Global Launch of the Waste Wise Cities Tool

Household waste

Household waste composition and generation survey is one step of the Waste Wise Cities Tool. Photo: UN-Habitat

The amount of waste generated around the world is increasing at a rapid rate as a result of our unsustainable lifestyles, population growth and economic development. Meanwhile, the systems that handle our waste cannot keep up with the waste growth, and many countries will soon be in a  critical situation. More than two billion people lack access to solid waste collection services and disposal facilities, causing major public health issues that disproportionally affect the most disadvantaged people in society. Additionally, mismanaged waste is leaking into our environment contributing to environmental degradation and marine pollution.

When solid waste is effectively and appropriately managed, it represents an important economic resource and promotes a circular economy, creating jobs and reducing the environmental footprint of cities. It also improves public health. Cities across the world are looking for solutions to the enormous amount of solid waste created over several years but often lack the relevant data to decide on the most ideal solutions. Reliable and city specific data, e.g. the quantity of waste generated and its characteristics, need to be available to plan, design and implement effective solutions. If new systems are created based on estimates from other regions, the solutions may not address the relevant issues, and the same problems can reappear, or new problems may come up.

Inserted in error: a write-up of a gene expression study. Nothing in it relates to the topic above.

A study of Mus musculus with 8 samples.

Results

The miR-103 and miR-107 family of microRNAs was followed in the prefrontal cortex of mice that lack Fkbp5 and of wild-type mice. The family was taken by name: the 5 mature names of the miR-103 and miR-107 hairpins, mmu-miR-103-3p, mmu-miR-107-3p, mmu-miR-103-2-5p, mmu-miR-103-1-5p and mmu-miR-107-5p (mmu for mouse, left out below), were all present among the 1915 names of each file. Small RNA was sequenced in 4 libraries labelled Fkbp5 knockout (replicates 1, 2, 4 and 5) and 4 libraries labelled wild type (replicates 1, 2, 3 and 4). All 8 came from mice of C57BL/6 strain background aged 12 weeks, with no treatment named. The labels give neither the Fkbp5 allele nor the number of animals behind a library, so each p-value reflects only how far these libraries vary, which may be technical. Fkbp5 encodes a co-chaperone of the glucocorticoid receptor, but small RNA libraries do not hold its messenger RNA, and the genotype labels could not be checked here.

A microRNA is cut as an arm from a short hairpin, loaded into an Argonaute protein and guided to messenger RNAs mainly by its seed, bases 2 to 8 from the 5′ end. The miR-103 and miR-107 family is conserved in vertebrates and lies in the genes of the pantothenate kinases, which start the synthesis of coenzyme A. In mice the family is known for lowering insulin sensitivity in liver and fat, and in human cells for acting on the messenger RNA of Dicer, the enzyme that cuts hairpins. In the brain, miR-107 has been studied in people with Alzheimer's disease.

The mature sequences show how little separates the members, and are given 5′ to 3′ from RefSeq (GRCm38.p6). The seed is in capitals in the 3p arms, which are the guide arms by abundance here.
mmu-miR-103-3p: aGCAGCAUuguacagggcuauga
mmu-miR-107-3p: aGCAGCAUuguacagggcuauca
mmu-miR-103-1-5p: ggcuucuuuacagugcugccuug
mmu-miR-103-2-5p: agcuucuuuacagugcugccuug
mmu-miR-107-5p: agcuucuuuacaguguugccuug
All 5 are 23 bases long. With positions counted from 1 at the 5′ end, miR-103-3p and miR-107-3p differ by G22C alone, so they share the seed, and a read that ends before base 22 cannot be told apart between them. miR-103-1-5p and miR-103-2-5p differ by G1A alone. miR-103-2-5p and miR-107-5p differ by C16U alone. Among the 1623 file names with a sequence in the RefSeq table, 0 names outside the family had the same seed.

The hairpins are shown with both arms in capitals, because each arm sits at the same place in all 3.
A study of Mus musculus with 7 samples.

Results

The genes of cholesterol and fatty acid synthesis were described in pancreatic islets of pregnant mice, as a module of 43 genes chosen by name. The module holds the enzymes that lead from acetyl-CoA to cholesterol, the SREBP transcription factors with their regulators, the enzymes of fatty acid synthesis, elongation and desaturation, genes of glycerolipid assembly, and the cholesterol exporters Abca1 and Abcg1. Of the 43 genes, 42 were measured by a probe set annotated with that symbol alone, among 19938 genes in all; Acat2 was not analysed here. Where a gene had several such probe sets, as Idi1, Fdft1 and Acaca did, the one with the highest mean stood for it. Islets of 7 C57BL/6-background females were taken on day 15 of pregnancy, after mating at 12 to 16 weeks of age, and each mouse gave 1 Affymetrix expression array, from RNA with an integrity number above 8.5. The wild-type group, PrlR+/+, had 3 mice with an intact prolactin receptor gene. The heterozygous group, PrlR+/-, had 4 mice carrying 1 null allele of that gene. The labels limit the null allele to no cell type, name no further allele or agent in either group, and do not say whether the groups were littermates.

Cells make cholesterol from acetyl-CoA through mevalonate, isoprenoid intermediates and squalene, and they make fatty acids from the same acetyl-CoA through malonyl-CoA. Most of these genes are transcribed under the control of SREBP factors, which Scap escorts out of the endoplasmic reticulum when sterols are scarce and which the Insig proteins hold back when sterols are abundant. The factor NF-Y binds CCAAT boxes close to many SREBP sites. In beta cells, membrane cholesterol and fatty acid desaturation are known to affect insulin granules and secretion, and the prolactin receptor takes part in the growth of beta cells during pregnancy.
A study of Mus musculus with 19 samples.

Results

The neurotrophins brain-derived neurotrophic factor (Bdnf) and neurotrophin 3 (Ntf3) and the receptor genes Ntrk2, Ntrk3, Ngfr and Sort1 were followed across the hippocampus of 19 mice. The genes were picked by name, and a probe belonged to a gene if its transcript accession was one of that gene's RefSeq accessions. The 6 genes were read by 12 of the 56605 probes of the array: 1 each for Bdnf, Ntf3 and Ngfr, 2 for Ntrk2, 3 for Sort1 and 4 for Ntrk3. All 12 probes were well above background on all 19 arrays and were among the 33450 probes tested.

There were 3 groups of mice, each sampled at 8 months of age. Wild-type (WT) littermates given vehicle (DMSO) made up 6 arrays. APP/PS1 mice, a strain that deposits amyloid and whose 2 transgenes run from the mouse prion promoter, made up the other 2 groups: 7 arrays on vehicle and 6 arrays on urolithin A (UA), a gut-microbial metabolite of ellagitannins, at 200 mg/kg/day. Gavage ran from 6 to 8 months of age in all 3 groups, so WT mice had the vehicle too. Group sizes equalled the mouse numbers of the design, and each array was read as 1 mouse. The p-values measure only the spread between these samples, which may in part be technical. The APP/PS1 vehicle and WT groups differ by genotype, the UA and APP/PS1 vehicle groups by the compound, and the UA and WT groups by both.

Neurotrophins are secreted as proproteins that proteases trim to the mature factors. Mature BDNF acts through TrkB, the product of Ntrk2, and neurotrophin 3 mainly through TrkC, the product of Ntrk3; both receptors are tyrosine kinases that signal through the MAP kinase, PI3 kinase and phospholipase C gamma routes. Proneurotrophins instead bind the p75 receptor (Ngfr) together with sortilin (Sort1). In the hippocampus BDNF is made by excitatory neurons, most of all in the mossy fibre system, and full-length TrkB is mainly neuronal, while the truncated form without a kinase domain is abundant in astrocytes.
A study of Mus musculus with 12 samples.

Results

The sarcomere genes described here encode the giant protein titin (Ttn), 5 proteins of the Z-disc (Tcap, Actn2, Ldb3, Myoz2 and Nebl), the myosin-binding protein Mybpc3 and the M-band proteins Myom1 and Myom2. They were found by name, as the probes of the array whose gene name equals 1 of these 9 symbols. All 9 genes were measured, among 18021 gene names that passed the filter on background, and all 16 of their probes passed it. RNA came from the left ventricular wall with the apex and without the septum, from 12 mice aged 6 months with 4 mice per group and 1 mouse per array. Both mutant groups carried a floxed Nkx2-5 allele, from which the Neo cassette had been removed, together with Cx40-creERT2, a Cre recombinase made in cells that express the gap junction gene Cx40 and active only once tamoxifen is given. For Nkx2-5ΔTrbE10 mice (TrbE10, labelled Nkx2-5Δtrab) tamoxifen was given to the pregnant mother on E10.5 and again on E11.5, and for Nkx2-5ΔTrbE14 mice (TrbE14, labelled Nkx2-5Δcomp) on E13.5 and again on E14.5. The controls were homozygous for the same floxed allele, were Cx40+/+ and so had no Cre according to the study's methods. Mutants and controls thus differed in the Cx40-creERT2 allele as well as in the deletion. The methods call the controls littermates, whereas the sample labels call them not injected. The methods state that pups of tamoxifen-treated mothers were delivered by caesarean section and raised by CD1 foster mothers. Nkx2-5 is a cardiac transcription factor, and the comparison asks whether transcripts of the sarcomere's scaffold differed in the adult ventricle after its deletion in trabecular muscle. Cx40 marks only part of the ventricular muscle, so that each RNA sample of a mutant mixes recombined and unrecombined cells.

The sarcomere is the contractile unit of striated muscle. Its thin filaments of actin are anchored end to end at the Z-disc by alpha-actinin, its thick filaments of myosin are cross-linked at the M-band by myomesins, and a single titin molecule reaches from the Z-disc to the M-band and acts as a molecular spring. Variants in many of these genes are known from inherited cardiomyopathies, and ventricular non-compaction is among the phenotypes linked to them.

Seven steps to meaningful data

The Waste Wise Cities Tool (WaCT) was created to make the process of collecting data on solid waste management easier and support city officials to improve waste management in their cities. It can also guide NGOs, educational institutions, and other stakeholders in their efforts to spread good practices on waste management. The WaCT consists of seven steps to collect all the necessary data on generation and collection of municipal solid waste as well as to estimate the quantity that is managed in controlled facilities.

The development of the Waste Wise Cities Tool was supported by, among others, the IKI-funded project 'URBAN PATHWAYS: Supporting low-emission plans for basic urban services in the context of the New Urban Agenda' , which is implemented by UN-Habitat, UN Environment and the Wuppertal Institute and aims to help implementing the New Urban Agenda with transformative demonstration actions. It was developed through a collaboration between waste experts from UN-Habitat, Wasteaware, Eawag, and the University of Leeds, and reviewed by experts from GIZ, USAID, EXRI, JICA, RWA, DNA, UNEP, WRAP, Springloop Cooperative U.A. and Imperial College of London.